Tip to motorists cited for moving violations: Don’t bother telling the judge that you’re “a good tax-paying citizen” who “shouldn’t be getting a ticket in this speed trap.”
That was one of the losing defenses in a recent study by USC researchers of 375 cases in L.A. traffic courts.
Communications professor Michael Cody and graduate student Margaret McLaughlin found that the defendants who beat the rap most often--75% of the time--were those who came armed with photographs or other physical evidence. (The overall not guilty rate was 23%.)
The study also reveals the creativity of L.A. drivers, whose colorful alibis included:
“I was driving a new Mercedes that was shipped from Europe. It doesn’t show your speed in m.p.h.; it shows it in kilometers.”
“I was asking directions from a woman at the bus stop and had no idea she was a prostitute. I was not on the sidewalk (but) had pulled into the gas station.”
“I left my curling iron on, and was rushing to get home to turn it off before the house burned down.”
The judge’s verdicts on the above three:
Hah. Hah. Hah.
Tom Benecke of Thousand Oaks spotted a sign that warned in a corridor of an L.A. courthouse: “Quiet Please--Electronic Recording Equipment in Use.”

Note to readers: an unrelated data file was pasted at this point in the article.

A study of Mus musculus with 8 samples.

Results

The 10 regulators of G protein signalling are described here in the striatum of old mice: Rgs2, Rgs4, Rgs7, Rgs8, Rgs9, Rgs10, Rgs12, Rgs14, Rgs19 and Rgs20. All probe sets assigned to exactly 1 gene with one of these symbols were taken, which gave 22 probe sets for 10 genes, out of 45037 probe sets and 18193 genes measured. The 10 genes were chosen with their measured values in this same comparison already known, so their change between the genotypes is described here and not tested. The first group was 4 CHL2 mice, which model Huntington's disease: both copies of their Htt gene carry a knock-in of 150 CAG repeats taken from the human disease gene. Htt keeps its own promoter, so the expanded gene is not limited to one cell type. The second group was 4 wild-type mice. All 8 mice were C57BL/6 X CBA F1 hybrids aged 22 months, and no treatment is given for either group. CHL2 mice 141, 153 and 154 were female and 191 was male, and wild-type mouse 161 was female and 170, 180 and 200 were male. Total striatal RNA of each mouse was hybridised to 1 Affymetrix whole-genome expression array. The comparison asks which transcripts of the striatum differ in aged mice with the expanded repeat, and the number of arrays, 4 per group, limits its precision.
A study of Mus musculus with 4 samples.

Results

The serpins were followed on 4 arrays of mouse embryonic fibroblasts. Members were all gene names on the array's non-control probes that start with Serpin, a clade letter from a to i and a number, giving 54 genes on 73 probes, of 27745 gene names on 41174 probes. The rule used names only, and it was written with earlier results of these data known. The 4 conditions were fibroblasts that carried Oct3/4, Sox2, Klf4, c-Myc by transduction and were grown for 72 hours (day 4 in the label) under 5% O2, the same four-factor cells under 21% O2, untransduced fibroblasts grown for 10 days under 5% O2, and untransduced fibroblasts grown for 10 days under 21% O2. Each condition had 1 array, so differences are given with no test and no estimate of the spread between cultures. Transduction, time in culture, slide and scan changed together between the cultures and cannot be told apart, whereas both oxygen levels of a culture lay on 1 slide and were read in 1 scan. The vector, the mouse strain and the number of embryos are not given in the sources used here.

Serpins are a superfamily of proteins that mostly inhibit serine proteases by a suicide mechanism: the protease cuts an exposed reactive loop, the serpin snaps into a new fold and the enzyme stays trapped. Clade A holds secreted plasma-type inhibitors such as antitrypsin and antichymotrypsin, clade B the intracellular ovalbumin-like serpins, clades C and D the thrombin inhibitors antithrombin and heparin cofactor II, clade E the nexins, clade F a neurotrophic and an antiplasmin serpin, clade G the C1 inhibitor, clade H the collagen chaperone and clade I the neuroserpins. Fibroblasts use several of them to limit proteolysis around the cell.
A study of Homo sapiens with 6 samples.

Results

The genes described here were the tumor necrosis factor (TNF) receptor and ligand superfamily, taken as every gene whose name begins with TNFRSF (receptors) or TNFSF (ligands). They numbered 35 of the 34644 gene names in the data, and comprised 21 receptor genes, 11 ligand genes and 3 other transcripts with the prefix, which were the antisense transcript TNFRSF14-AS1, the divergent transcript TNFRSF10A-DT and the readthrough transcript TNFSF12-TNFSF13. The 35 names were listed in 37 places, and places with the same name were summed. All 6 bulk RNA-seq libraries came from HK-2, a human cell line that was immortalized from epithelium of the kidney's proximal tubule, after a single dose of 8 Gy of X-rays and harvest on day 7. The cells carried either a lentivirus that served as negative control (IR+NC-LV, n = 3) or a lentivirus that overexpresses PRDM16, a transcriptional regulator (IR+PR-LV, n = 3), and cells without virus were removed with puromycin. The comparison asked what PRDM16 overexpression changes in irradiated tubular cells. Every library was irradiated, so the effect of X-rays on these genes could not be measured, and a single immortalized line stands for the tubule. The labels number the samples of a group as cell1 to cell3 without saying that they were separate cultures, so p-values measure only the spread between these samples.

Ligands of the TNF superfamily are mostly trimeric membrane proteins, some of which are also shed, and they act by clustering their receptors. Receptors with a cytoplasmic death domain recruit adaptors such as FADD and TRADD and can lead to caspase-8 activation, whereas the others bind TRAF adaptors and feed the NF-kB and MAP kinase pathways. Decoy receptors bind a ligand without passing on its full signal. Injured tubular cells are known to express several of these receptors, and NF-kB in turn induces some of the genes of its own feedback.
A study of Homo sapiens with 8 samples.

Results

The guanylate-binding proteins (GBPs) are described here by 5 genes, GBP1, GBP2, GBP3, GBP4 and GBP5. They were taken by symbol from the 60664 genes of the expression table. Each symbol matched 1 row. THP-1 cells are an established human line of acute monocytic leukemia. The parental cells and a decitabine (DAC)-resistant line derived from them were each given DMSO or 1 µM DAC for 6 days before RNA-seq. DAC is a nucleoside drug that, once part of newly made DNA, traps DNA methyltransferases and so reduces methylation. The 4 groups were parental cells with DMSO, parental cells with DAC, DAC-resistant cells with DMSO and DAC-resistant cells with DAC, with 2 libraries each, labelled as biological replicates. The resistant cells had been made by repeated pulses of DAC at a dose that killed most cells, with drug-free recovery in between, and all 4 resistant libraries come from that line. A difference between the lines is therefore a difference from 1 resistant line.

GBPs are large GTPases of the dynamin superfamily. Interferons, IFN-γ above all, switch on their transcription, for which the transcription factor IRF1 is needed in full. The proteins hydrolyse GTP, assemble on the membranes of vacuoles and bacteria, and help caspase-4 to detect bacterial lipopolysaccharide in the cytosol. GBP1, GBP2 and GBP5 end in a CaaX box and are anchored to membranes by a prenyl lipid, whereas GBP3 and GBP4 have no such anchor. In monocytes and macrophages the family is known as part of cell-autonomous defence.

“What are they recording?” asks Benecke, pointing out that the sign is in front of the men’s room.
While you’re pondering that one, maybe you can provide an explanation to Sara Meric, who showed us an envelope that she had mailed to “City Hall, Santa Monica.”
It came back stamped, “No Such Address.”
This just proves once again that, in The People’s Republic of Santa Monica at least, you can’t find City Hall.
When cholesterol warnings were sounded a few years ago, sales of eggs fell faster than you can say Humpty Dumpty. But now, the California Egg Commission has kicked off a hard-boiled campaign stressing new studies that show eggs contain 22% less cholesterol than previously believed.
Home economist Cathi Hofstetter, dressed like a policewoman at a Culver City press conference, set Egg “free” because it “had been given a bad rap all these years.”
No word on when Egg’s cellmate--Bacon--might be pardoned.
Only in L.A. List of the Week--City ordinances passed in 1850 after L.A. had come under American rule:
Article 6--"Every citizen . . . shall, as a duty, sweep in front of his habitation on Saturdays, as far as the middle of the street.”
Article 10--"Every shop or tavern shall close in winter at 8 o’clock and in summer at 9 o’clock at night.”
Article 13--"Whoever shall walk the streets in a scandalous attire or molest the neighbors with yells, or in any other manner, shall be taken to jail.”
The 1,000-member International Flat Earth Society, which contends, among other things, that the manned missions to the moon were hoaxes, is based in the Antelope Valley city of Lancaster.